Our top 10 wildlife sightings for February
Drumming great spotted woodpeckers
Listen out for great spotted woodpeckers drumming on trees to announce their presence in the woods. Did you know their sharp bill is powered by strong neck muscles and their brain is protected from all the drumming by a special type of bone that absorbs the stress.
Male great spotted woodpeckers have red feathers at the nape of their necks while females have no red on their heads at all.
Grey herons and heronries
Grey herons build their large nests in trees by rivers or lakes. You’ll often see many nests in the same tree and these groups of nests are known as heronries.
Male herons put on a courtship dance to attract a female. The male will stretch his long neck upwards and then lower it over his back with the bill pointing upwards.
Great crested grebes
Great crested grebes also have an elaborate courtship dance. If you're lucky enough to live close to a river or lake with great crested grebes, watch as the males and females mirror each other on the water, diving down and rising up in perfect unison.
Great crested grebes were once very endangered in the UK. Historically they were hunted for their soft feathers which were used a substitute for fur and elaborate head feathers which were used to decorate women’s hats.
Frogs breed before toads and you may see great jelly masses of early frog spawn in ponds in February. If you have a pond in your garden, don’t introduce frog spawn from elsewhere, wait until frogs find your pond and create their own.
Toads breed later in the spring than frogs but this month you should see them start to return to their breeding areas. Some toads have to cross roads to reach the ponds. You can help them cross safely by becoming a toad patroller.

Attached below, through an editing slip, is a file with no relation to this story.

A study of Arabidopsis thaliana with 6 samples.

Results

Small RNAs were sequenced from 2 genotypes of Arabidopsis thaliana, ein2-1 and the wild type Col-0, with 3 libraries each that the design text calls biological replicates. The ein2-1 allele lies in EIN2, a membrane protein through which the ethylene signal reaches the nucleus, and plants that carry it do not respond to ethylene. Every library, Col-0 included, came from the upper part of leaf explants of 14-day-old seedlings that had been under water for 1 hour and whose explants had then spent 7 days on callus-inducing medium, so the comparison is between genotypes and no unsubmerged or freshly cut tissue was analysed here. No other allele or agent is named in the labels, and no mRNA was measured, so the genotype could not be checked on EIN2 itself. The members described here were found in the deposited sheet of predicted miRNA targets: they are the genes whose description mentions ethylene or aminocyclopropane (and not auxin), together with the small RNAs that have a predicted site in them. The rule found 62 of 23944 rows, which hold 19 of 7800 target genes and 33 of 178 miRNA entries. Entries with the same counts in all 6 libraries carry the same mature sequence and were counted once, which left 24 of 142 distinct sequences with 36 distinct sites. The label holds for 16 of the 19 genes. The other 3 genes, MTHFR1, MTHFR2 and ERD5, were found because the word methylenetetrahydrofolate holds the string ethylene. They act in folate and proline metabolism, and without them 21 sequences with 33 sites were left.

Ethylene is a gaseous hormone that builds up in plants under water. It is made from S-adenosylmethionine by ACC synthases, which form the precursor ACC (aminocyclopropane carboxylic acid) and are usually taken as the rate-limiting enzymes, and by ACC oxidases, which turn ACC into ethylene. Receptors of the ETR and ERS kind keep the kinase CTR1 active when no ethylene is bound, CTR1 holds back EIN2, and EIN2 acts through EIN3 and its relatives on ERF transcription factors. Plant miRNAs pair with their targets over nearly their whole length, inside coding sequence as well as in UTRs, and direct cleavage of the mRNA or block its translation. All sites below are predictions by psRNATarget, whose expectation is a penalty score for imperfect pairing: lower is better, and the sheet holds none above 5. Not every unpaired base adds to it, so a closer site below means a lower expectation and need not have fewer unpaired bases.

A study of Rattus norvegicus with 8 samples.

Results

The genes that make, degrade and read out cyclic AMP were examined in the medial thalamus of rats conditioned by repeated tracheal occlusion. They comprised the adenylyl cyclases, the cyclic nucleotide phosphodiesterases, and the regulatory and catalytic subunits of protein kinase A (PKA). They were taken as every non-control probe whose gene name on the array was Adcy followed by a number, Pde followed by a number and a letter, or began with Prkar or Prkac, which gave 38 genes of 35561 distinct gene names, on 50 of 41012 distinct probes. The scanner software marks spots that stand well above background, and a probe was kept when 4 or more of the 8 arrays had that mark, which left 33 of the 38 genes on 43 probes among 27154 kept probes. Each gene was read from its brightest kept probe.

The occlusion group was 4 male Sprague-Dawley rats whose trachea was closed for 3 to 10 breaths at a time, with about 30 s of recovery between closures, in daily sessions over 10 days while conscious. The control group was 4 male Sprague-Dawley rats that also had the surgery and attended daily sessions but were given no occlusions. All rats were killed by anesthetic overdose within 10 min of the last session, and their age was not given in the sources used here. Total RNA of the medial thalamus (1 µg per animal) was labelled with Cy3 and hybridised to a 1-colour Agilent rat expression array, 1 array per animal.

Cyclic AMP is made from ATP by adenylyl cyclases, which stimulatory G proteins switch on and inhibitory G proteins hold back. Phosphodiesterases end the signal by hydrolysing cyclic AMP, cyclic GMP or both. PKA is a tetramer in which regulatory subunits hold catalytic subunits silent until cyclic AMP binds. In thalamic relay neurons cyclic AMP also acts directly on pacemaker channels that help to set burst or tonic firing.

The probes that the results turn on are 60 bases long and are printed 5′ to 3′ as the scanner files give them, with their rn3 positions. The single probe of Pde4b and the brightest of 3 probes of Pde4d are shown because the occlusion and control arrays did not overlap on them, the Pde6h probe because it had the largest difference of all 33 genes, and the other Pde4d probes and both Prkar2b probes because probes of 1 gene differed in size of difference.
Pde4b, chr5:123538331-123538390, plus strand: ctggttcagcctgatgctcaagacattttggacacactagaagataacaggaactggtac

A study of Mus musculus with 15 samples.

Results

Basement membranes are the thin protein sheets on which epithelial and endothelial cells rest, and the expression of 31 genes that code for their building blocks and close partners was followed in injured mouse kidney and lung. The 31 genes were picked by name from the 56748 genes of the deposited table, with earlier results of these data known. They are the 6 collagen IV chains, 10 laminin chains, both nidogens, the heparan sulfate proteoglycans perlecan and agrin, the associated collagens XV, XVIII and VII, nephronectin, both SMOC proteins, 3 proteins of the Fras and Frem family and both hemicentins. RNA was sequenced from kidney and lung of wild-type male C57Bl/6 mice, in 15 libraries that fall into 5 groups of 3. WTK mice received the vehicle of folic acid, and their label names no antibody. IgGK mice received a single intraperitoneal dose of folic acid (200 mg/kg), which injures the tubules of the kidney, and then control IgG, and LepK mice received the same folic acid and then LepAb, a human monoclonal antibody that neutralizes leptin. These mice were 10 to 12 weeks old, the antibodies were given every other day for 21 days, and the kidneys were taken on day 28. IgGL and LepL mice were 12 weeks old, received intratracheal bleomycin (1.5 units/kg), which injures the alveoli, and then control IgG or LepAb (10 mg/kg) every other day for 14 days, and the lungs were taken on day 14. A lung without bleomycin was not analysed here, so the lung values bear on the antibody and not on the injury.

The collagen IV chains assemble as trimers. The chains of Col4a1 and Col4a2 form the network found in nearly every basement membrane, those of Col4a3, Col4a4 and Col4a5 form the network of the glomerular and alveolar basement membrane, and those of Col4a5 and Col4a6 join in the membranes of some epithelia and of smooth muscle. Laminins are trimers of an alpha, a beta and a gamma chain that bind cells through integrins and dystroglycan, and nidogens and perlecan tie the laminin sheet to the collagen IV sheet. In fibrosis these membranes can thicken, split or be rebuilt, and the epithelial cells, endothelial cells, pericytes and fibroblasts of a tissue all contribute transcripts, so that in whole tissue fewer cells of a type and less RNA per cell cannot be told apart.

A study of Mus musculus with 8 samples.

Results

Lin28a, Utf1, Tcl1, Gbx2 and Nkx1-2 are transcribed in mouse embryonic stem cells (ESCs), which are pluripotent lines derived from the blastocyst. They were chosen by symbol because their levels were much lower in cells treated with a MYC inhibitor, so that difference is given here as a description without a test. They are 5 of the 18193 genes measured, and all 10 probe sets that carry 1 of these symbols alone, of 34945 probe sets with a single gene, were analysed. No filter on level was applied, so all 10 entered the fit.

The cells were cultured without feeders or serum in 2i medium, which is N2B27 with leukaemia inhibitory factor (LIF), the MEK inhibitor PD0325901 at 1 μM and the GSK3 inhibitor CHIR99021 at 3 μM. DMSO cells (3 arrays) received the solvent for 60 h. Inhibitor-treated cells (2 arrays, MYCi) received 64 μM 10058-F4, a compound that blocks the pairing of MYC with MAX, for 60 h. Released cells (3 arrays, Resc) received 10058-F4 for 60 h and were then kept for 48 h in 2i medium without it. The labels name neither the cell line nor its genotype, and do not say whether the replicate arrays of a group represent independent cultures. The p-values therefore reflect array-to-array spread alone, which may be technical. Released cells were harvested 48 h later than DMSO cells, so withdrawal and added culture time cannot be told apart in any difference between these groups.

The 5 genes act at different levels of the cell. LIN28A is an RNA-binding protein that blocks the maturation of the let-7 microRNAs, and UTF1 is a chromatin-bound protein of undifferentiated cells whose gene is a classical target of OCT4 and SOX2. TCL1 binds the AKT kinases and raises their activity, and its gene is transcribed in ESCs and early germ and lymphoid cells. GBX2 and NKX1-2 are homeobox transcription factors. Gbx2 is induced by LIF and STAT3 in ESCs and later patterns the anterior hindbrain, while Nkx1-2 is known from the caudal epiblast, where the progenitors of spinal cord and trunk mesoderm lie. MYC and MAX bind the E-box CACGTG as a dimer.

Once toads do breed look for long strands of toad spawn in ponds compared with the large masses of spawn that frogs produce.
Hazel produces female flowers and male catkins at this time of year. The tiny flowers are bright pink. Take a close look and be amazed by this minute flower waiting to catch pollen released by the catkins.
Hazel catkins hang like little (lamb’s!) tails from bare branches, wafting pollen in the breeze.
Hazel isn’t the only plant that produces catkins but is one of the earliest. Other trees that produce catkins include willow species and alder.
Look for a sunny splash of colour from lesser celandines. They have shiny, heart-shaped leaves and flower in early spring. You might spot them in damp woodland or along stream banks and ditches. They're an important source of food for early insects emerging after winter.
Sweet violet (Viola odorata) is the first of the violets of the year to bloom. This is the only violet which has a fragrance so take a sniff if you see one!
Later in spring look for common dog-violet in woods and hedge-banks. Hairy violet grows in grassland and scrubby areas on lime and chalk.
The sight of primroses in woodland, on hedgebanks and waysides is a sure sign that spring is on its way. Did you know the name derives from the Latin prima rosa meaning first rose of the year.